Monday, March 22, 2010

The Reading Life: The Thirteenth Tale

Shouldn't be blogging today(so much work!) but using my dinner break to read and write a little because, well, I don't like days without any of that at all.

The reading continues apace. This nerd took herself off to the library on Friday and gulped down a gorgeously rich book over the weekend. It's been a long long time since I read any gothic suspense novels and I hadn't realized I was quite so tired of the lean modern prose style until I picked up Diane Setterfield's The Thirteenth Tale.

"My gripe is not with lovers of the truth but with truth herself. What succor, what consolation is there in truth, compared to a story? What good is truth, at midnight, in the dark, when the wind is roaring like a bear in the chimney? When the lightning strikes shadows on the bedroom wall and the rain taps at the window with its long fingernails? No. When fear and cold make a statue of you in your bed, don't expect hard-boned and fleshless truth to come running to your aid. What you need are the plump comforts of a story. The soothing, rocking safety of a lie."

Someone once told me that good writers write short crisp sentences, neat and concise. I disagreed vehemently.

Maybe good writing for a workaday news article or a management/marketing report requires short sharp writing and I agree that there is a place for deft sharp stories - knife sharp and honed to a fine point - all the better for piercing through the fog of life that surrounds us most of the time.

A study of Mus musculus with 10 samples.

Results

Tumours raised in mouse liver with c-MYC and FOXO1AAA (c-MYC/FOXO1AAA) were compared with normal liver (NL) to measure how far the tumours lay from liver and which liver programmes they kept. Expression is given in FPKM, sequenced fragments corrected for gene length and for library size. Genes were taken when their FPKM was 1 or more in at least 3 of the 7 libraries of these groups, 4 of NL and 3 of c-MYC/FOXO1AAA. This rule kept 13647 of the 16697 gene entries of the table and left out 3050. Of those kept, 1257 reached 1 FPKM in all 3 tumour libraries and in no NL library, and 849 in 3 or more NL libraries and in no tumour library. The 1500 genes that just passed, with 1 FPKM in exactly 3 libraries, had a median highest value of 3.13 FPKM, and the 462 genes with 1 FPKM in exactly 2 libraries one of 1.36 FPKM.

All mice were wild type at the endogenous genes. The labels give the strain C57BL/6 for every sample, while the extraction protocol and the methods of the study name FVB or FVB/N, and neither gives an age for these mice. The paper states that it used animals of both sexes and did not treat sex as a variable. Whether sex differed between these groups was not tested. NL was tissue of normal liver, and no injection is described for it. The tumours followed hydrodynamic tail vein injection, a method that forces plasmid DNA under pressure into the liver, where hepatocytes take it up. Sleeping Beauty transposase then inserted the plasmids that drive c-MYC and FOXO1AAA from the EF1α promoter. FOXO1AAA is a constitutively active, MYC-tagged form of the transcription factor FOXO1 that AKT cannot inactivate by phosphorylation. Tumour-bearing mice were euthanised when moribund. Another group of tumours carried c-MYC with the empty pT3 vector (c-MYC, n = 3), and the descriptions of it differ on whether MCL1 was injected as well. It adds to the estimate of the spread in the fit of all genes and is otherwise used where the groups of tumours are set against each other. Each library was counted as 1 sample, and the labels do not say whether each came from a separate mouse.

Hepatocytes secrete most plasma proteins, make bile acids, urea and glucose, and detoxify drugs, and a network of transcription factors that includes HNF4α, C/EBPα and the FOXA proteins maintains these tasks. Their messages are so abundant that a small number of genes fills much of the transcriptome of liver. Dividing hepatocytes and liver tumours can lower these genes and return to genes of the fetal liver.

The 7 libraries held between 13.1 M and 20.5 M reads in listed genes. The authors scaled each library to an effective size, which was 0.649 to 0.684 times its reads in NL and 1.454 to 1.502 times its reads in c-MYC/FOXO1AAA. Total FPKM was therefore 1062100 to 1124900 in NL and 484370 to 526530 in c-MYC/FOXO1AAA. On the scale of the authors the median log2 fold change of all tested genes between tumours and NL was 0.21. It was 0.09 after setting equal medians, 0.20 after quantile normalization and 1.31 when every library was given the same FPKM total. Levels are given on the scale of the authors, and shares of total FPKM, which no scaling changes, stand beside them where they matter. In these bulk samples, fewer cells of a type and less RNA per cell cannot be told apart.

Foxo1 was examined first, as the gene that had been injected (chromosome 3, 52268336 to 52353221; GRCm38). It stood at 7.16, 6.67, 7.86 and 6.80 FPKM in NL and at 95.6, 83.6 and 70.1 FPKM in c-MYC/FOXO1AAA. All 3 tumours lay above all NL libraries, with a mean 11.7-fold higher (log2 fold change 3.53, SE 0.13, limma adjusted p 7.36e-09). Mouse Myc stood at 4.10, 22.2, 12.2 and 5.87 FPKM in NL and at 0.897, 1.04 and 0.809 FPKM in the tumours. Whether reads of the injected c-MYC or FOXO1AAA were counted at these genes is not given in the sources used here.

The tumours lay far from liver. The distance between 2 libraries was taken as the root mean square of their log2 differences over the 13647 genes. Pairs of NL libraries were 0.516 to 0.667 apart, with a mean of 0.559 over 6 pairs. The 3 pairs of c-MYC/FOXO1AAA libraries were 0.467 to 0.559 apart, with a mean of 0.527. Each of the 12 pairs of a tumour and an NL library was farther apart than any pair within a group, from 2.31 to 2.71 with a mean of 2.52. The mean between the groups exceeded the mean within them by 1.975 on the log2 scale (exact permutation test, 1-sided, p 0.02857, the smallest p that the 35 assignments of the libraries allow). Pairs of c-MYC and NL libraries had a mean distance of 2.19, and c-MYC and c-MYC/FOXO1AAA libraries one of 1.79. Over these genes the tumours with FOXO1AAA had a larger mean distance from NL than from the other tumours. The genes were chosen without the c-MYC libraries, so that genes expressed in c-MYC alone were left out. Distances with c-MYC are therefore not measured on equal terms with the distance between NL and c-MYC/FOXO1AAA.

But ask any fiction lover who has ever read Dickens, Angela Carter, A S Byatt or Du Maurier and they'll tell you that there is nothing on earth that comes close to the experience of plunging into a sea of words, only to surface hours later, metaphors and dreams clinging to the skin like so many fronds of seaweed.

The Thirteenth Tale was as rich and dark as the best kind of brandied fruit cake, filled with interesting and aromatic little nuggets of lyric and metaphor. The perfect antidote to the driven, spare prose that dominates so much of modern literature and a perfect luxurious companion for the grey, rain filled weekend.

"For I was spellbound. There is something about words. In expert hands, manipulated deftly, they take you prisoner. Wind themselves around your limbs like spider silk, and you cannot move, they pierce your skin, enter your blood, numb your thoughts. Inside you they work their magic. When I at last woke up to myself, I could only guess what had been going on in the darkness of my unconsciousness."

Oh books. I've read a love letter to all of you old friends over the weekend and I must buckle down and write my own love letter(s) to you one day. Have been reading so much fact and study material lately, I'm just utterly craving some story.

Note to self - to borrow and read some Jeanette Winterson books soon. Love the blog, love the articles, need to get my grubby little fingers on some of her books.